VO: Rebecca Brayton
This is one comedian who is only getting better with age. Born September 21st, 1950, Bill Murray made a name for himself as one of the original Not Ready for Prime Time Players on "Saturday Night Live" in the 1970s. Soon, he struck out on his own for a film career that has lasted ever since, and has been filled with classic quotes and roles. From goofy roles in "Ghostbusters" and "Caddyshack" to more serious turns in "Lost in Translation" and "Rushmore," Bill Murray is one actor who has range. In this video, counts down our picks for the top 10 best Bill Murray performances.


#10 – Don Johnston – “Broken Flowers” (2005)

Kicking off our list is one of Murray’s more recent film successes. As a middle-aged womanizer whose life is in neutral, he is sent an anonymous letter informing him he has a 19-year-old son. Murray is charming and entrancing in the role, and he brings a new energy to the tired mid-life crisis story. He is also remarkably restrained, which hasn’t been his go-to move throughout his career but is astonishingly successful.

#9 – Ernie McCracken – “Kingpin” (1996)

Like most successful Bill Murray roles, we can’t imagine anyone else playing the bad guy in this Farrelly brothers’ comedy. Murray puts his skills to good use, and gives an unforgettable performance as the swaggering, hustling pro-bowler Ernie McCracken. While the humor isn’t exactly high-brow, Murray helps bring everything to his level of comedic genius. Nice hair, by the way!

#8 – John Winger – “Stripes” (1981)

Just a year after leaving “Saturday Night Live,” Murray portrays a lazy guy who joins the army to get in shape and meet women. While the film was originally envisioned with Cheech and Chong in the main roles, the pairing of straight-man Harold Ramis with Murray and his one-liners more than makes up for the missing stoners. If all recruits were like John Winger, we’d enlist in a heartbeat.

#7 – Francis Xavier Cross – “Scrooged” (1988)

In this ‘80s remake of the classic Dickens tale, Murray takes the place of the cynical main character. Heartless TV exec Frank Cross fills the void in his life with success, anger and vodka, but one Christmas three ghosts help him see the light. Wait, we thought you weren’t afraid of no ghosts? Argue if you want, but this is the best Christmas movie of all time.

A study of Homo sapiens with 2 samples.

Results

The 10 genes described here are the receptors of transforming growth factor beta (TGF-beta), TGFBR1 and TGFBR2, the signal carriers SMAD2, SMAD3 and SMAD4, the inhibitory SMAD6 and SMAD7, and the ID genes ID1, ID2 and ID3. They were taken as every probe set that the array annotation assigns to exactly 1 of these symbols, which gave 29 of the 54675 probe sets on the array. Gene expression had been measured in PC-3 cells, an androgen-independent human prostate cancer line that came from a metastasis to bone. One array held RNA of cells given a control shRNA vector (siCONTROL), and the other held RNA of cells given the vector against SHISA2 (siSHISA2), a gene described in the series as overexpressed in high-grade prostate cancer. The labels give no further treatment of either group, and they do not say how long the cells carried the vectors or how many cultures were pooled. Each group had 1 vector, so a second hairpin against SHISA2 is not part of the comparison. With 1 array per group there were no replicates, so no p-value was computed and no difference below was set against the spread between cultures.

#6 – Steve Zissou – “The Life Aquatic with Steve Zissou” (2004)

This is a typical Wes Anderson film, and perhaps an atypical Bill Murray vehicle. As melancholy oceanographer Steve Zissou, Murray leads the ensemble cast on a revenge mission to find the shark who ate his friend. The movie may be a mixed bag, but Murray’s performance is universally praised. But he’s not the first actor we’d choose to see running around with a gun in a Speedo.

#5 – Herman Blume – “Rushmore” (1998)

This movie marks the beginning of a new era in Murray’s career. His first film with Anderson marked his first turn away from the goofy one-liners of the ‘80s and early ‘90s. Murray taps into his sad side to battle Jason Schwartzman’s character for the love of Miss Cross. It’s one of Murray’s strongest supporting roles since “Tootsie,” and it earned him a Golden Globe nod.

#4 – Bob Harris – “Lost in Translation” (2003)

Without Bill Murray, this Sofia Coppola opus would never have existed. And without “Lost in Translation,” we might never have realized the full breadth of Murray’s talent. Low-key, restrained and natural, Murray plays against type as a lonely middle-aged actor with an emotional connection to a younger woman. But you can see glimpses of his comic nature, and that’s where the true genius comes out.

#3 – Carl Spackler – “Caddyshack” (1980)

This flick is definitely not the smartest role in Murray’s career, but it’s one of the funniest. He steals every scene he’s in, which is no mean feat next to comedy greats like Chevy Chase and Rodney Dangerfield. The film was co-written by Murray’s brother, too, so comedy runs in the family. If only he could catch that damn gopher...

#2 – Phil Connors – “Groundhog Day” (1993)

From gophers to groundhogs. In this philosophical comedy, Murray relives the same day over and over and over as a bitter TV weatherman. This performance gives us a glimpse of what makes Murray great: his one-liners and quips are all set against the backdrop of his indifferent demeanor. With anyone else as the star, this movie could have been insufferable, but with Murray it’s a classic.

#1 – Peter Venkman – “Ghostbusters” (1984)

Few movie action heroes look like Bill Murray, Dan Aykroyd, Harold Ramis and Ernie Hudson, but that’s part of what made this 1984’s biggest movie. Another huge part goes to Pete Venkman. Half of the film is dry Bill Murray improv, and the rest is a great mix of action, witty and quick dialogue, plus a helluva lot of quotable lines. Murray’s comic genius stands up next to the effects-heavy storyline, and shows that you don’t need to look like Arnold Schwarzenegger to save the day.

Bill Murray truly has a ton of great movie roles, so we’re sure we missed some of your favorites. Let us know in the comments section!